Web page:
When these people we used to visit pass away, their kids often inherit their possessions, and many times this includes items my people made. Although some take care of these objects, many more do not know what to do with them.
I have been wondering lately about how to communicate that we have a Cultural Centre at Curve Lake First Nation that is in the process of welcoming home and recovering our material heritage. This could be a good place for people to bring their items.
And then I found myself at Settlers’ Village in Bobcaygeon one night in early July as a guest speaker at a movie-night event that featured the Curve Lake production, “Oshkigmong: A Place Where I Belong.”
At the end of the evening a woman came over to me and introduced herself as Shelley Wild.
She told me her family had lived on the shoreline between Nogie’s Creek and Bobcaygeon for over 100 years. Then she told me that when she was a young girl, people from Curve Lake would come along and sell birch-bark, porcupine-quill baskets to her family, some of which she still has.
She also told a story about how a family from Curve Lake came by to sell their goods. Her dad was sitting there on a chair, and suddenly it broke right in front of everyone.
The man in the canoe from Curve Lake said: “Oh, you need a chair. I’ll go make one.” And he went off into the bush, got some sticks (as she put it) and made a chair. She still had it, and she kept it on her veranda.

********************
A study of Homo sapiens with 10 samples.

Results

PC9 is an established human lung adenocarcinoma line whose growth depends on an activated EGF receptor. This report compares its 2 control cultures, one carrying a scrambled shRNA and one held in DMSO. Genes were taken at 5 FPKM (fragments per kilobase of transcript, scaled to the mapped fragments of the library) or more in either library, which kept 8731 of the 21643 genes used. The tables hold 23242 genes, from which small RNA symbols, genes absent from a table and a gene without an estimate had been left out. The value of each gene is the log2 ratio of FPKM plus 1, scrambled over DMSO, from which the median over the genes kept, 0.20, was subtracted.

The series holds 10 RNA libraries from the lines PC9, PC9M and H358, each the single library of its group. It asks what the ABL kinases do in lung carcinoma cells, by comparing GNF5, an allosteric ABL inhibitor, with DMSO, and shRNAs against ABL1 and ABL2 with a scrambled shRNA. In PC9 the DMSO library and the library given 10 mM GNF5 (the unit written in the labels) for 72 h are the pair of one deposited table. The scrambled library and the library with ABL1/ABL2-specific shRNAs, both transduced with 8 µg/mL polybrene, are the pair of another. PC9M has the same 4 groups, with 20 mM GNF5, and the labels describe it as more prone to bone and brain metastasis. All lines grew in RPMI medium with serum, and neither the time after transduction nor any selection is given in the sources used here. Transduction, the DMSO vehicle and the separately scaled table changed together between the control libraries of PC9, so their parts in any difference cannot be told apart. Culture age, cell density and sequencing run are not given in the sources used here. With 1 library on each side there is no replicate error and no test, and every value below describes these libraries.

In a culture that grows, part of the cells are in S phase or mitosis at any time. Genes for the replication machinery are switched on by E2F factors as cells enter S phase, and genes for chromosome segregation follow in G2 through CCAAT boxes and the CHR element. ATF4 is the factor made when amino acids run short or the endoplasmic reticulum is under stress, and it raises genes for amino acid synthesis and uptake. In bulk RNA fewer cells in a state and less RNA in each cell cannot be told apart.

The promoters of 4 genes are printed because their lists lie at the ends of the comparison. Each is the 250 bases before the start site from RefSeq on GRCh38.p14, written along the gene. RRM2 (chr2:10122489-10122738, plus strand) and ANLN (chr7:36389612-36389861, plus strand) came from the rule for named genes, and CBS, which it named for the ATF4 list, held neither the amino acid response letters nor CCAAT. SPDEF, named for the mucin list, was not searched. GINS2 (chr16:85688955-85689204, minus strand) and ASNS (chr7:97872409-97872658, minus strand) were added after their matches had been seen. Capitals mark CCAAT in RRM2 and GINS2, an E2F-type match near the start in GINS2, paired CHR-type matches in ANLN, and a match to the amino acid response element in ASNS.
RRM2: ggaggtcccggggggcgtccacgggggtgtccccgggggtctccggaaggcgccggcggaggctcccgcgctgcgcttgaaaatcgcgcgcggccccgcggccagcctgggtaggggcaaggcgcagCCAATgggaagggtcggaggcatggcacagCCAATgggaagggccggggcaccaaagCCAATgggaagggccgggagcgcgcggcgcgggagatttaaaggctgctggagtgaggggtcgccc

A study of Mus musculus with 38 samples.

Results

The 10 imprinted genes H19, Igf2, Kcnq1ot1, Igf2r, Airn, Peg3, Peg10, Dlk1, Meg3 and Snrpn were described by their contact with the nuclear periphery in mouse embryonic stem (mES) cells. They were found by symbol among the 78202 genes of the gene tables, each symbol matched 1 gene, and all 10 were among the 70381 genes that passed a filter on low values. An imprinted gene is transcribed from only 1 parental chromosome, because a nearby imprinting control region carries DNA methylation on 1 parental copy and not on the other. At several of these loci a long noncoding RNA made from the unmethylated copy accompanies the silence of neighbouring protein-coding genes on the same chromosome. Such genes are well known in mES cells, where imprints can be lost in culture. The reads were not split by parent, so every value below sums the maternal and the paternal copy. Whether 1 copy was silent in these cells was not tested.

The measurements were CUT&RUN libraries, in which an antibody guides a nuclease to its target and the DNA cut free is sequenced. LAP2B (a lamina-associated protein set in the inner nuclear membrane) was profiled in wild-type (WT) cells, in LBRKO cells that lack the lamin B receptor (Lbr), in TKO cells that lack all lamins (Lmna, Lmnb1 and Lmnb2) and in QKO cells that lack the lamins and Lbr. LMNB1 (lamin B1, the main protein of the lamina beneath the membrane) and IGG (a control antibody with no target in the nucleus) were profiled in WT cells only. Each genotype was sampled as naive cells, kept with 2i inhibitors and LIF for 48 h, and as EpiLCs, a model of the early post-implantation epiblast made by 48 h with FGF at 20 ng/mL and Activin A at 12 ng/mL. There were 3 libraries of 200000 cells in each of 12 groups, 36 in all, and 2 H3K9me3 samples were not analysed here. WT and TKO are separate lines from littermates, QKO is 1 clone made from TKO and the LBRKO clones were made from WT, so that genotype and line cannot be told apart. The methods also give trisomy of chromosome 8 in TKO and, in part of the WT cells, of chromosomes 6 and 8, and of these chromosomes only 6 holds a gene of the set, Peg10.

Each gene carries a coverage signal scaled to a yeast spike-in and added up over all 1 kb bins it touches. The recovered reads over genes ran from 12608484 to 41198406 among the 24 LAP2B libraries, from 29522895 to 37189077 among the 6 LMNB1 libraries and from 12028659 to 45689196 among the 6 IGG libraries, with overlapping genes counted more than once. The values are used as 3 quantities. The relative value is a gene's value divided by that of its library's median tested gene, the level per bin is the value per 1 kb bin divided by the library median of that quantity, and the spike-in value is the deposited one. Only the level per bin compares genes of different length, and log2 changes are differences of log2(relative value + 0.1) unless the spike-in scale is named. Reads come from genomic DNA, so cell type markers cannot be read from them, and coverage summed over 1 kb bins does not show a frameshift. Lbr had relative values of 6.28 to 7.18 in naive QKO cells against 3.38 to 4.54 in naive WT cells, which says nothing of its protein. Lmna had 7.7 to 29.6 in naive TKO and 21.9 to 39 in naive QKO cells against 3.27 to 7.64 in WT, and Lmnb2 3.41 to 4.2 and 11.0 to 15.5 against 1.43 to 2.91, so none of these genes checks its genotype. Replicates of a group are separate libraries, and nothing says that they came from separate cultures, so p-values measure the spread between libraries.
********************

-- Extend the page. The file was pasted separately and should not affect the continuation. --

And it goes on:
I recently tried to reconnect with Shelley to see some of these items (as she’d told me she had others from Curve Lake and they could be things my grandmother and I had made).
But I received the sad news that she had passed away. I send my sincere condolences to the family.
It also saddened me to think that I may not get to see these things after all, or have my dream fulfilled of sharing them with the youth.
Time passed and I was slowly starting to let it go from my mind, when a phone call came in from a gentleman who said he’d been looking for me. He’d recently attended the Curve Lake Pow Wow, and had asked: “Who in Curve Lake makes stick chairs? And where can I find that person?”
He was given my name but no ideas on where to find me—because I am elusive and not home very often.
What is odd about this phone call is that Shelley Wild had not contacted him about our conversation. He told me on the phone that Shelley had a dream of giving her items back to Curve Lake, to those who would appreciate their significance and meaning the most. The Curve Lake Cultural Centre was then contacted and given this information.
There is something much more powerful than us at work here. Something wonderful is helping to facilitate this happening. MIIGWECH.
The Anishinaabe are a spiritual people. Our ancestors are around us, visit us, and love us. They assist us all the time with the work we must do . . . but that is another story.